Amazon announced the Kindle 2 yesterday, and once I read the specs I hopped over to the piranha-infested place to put in my order. Since I’m a happy owner of a Kindle 1, I get bumped up in the waiting list and should receive mine in about two weeks.
The new model is thinner and has better page control buttons, improved battery life, more built-in memory (but no longer has a SD card slot for expansion), sixteen shades of gray instead of four, and can read a book aloud to you (!).
The last feature could be intriguing for those times my eyes are tired but my mind remains restless. If the computer voice isn’t too bad, it sure would be cheaper than audiobooks. But Audible’s narrators shouldn’t worry – a good audio acting job sure brings a book to life.
The old navigation with the clickwheel and cool “glitter ribbon” along the side is replaced with a movable cursor and clicking joystick. Hopefully the improved E Ink display is speedy enough that I won’t miss the glitter ribbon. One report says the movable cursor is now practical because different parts of the display can now refresh, rather than having to redraw the whole thing for each change.
I’m most looking forward to the new page forward and back buttons, which are reduced to a more manageable size and click inward instead of outward. So you should be able to pick the Kindle 2 up by its edges without accidentally flipping the pages. Of course, I just stuck a rubber band under the Kindle 1’s right-side page forward lever to deal with that, but that makeshift solution had to be adjusted now and then.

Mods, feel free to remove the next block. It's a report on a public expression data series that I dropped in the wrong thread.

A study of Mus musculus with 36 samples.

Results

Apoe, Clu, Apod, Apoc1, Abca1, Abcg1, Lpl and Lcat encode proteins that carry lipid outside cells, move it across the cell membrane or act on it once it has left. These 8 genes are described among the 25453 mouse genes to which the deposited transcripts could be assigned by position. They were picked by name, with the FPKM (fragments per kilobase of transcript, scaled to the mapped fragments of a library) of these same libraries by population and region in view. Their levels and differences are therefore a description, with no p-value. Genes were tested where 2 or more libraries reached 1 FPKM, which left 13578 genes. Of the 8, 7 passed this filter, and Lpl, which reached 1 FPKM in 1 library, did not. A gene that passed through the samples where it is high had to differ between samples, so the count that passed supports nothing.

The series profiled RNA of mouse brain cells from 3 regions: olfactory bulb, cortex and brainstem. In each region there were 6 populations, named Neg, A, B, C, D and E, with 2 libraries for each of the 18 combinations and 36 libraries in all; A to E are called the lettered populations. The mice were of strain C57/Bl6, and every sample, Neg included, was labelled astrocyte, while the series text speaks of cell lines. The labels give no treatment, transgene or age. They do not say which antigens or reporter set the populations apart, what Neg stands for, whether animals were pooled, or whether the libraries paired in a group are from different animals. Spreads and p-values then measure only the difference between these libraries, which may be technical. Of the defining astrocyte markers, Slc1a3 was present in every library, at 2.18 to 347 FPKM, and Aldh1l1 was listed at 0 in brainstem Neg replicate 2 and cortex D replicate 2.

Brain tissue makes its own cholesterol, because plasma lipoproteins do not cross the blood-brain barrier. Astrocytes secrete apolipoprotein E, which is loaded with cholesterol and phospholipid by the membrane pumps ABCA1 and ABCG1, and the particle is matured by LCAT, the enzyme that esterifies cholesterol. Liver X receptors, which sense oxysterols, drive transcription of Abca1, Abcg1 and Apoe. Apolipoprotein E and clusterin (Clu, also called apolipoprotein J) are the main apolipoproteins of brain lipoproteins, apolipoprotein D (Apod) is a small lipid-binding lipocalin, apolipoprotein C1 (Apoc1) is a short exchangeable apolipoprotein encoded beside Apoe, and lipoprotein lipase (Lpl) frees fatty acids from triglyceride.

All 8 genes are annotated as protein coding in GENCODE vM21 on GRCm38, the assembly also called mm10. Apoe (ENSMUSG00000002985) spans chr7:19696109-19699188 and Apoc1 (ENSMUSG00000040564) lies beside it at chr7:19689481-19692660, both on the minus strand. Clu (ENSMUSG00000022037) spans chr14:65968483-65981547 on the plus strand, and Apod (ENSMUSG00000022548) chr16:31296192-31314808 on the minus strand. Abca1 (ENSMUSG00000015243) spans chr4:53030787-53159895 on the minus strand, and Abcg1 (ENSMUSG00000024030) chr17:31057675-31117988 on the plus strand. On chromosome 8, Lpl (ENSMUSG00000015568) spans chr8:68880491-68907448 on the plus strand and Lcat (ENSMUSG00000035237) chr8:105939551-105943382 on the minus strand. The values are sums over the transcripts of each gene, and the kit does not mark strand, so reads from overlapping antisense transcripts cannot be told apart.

As for the Kindle 1, one of my closest friends is a librarian and I’ll be de-registering my Kindle 1 and giving it to her once I get the Kindle 2 set up. I’ve bought and read 24 books on my Kindle 1 since I bought it last June, and any entries in my existing Amazon library can always be downloaded to the new unit. If I kept both Kindles Amazon can now synchronize their internal libraries. I’ve also read several free e-Books on my Kindle which I downloaded from publishers and places like Project Gutenberg and manybooks.net. Those have no digital rights management or copyright infringement issues, so I can give those away and keep them for myself at the same time.
Many people disliked the leatherette cover for the Kindle 1, but I loved it. Jeff Bezos of Amazon is doing a Steve Jobs this time around: he introduced the Kindle 2 with a Jobs-like presentation, complete with special guest (author Stephen King instead of some iTunes singer). And this time around he’ll sell you a leather cover for the Kindle 2 for an extra $30 and Amazon also offers a bunch of other even more ex$pensive covers, a la the accessories at an Apple iPod store.